Stenhouse car will honor James Woolard, killed in Vietnam
By Mark Carpenter –
One of Adams County’s finest will be honored in a very special and unique way this weekend as part of NASCAR’s second annual 600 Miles of Remembrance, part of the sport’s military appreciation platform, “NASCAR: An American Salute.” All 40 Spring Cup drivers in this weekend’s Coca-Cola 600 race will have special names placed on their car windshields to honor fallen service members. The No. 17 car driven by Ricky Stenhouse and owned by Jack Roush will be honoring SP James H. Woolard of Manchester, who was killed in action in Vietnam in 1969.
“Charlotte always does a great job with remembering the veterans and military that gave the ultimate sacrifice for our country,” said Stenhouse. “I think our sponsor Fastenal does a great job with it as well and it’s something that its very important to them too, whether it be hiring the heroes or remembering the ones that gave everything.”
“This week we are going to have Jim Woolard on our car, who was one of Jack Roush’s childhood friends,” continued Stenhouse. “He grew up two doors down from Jack and died in the Vietnam War when he was only 20 years old. It will be a special weekend for us, especially with Jack being our owner. He will want to watch that car run really well and we’re going to give it everything we’ve got.”
James (Jim) Woolard was born on April 23, 1949, growing up like many other young men on the streets of Manchester. His parents ran the local newspaper, The Signal, and the Roushes and Woolards were family friends. Jimmy graduated from Manchester High School in 1967 and was inducted into the Unites States Army in February of 1969. He was shipped to Fort Knox, Ky. for eight weeks of basic training and then on to Fort Sill, Oklahoma where he was assigned to eight more weeks of training with an artillery unit.
After his graduation at Fort Sill, Woolard was able to come home on a much-deserved 30 day leave, where he renewed old acquaintances, spent time with his family and friends, fished in the Ohio River, and just enjoyed home, a place that he dearly loved. No one knew that this was to be his last visit.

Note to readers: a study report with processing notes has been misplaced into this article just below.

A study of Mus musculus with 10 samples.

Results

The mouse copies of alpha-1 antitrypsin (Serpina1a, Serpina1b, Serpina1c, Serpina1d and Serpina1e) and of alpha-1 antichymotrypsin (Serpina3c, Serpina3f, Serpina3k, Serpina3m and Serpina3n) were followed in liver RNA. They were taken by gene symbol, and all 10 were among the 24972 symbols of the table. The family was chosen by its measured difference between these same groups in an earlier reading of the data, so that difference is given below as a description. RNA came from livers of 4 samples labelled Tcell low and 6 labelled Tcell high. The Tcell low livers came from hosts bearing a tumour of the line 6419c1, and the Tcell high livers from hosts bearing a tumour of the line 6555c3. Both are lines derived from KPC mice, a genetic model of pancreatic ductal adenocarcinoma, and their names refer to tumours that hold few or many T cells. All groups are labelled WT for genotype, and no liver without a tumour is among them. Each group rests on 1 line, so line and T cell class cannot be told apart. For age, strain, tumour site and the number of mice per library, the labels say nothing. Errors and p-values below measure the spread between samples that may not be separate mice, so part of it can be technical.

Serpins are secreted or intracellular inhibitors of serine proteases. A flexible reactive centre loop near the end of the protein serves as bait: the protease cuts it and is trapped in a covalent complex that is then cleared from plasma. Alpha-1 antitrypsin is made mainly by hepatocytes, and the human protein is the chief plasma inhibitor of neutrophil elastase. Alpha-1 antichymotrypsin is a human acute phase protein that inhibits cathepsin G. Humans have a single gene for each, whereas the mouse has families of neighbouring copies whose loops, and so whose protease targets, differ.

Within four days after leaving Manchester to return to duty, Woolard was on a plane bound for Bien Hoa Airport in Vietnam. Five days after that, with a total of four months and five days of training time, he went on his first active patrol in Vietnam. He began his time as a member of A Battery, Sixth Battalion, 29th Artillery, Fourth Infantry Division, but soon was assigned to B Battery. h was part of a crew that constructed 12 army fire bases in Vietnam and after spending a few days at each of those sites, his unit would move on to another site.
His letters home revealed to his family and friends that by mid-November 1969, he had been transferred to somewhere in the vicinity of Pleiku in the Central Highland of Vietnam. The news that no family of a military member ever wants to get came to Manchester on Nov. 1, informing them that Jimmy had been hit in the left side of his neck by mortar fragments and been taken to the 71st Evacuation Hospital in Vietnam, where he passed away sometime on Nov. 3, 1969 at the age of 20.
The November 6, 1969 issues of The People’s Defender reported that “Mr. and Mrs. William G. Woolard were notified Tuesday morning that their son died in the 71st Evacuation Hospital without regaining consciousness after being hit on the left side of the next by mortar shrapnel.” The Defender also reported that family members were told that Woolard’s body was to arrive at the Greater Cincinnati Airport in seven to 10 days. He was laid to rest in the Manchester IOOF Cemetery and today, his name can be found among those on the Vietnam Wall in Washington DC, plot coordinates 16W 025.
This year’s Coca-Cola 600 will be broadcast live from the Charlotte Motor Speedway on FOX beginning at 6 p.m. on Sunday, may 29.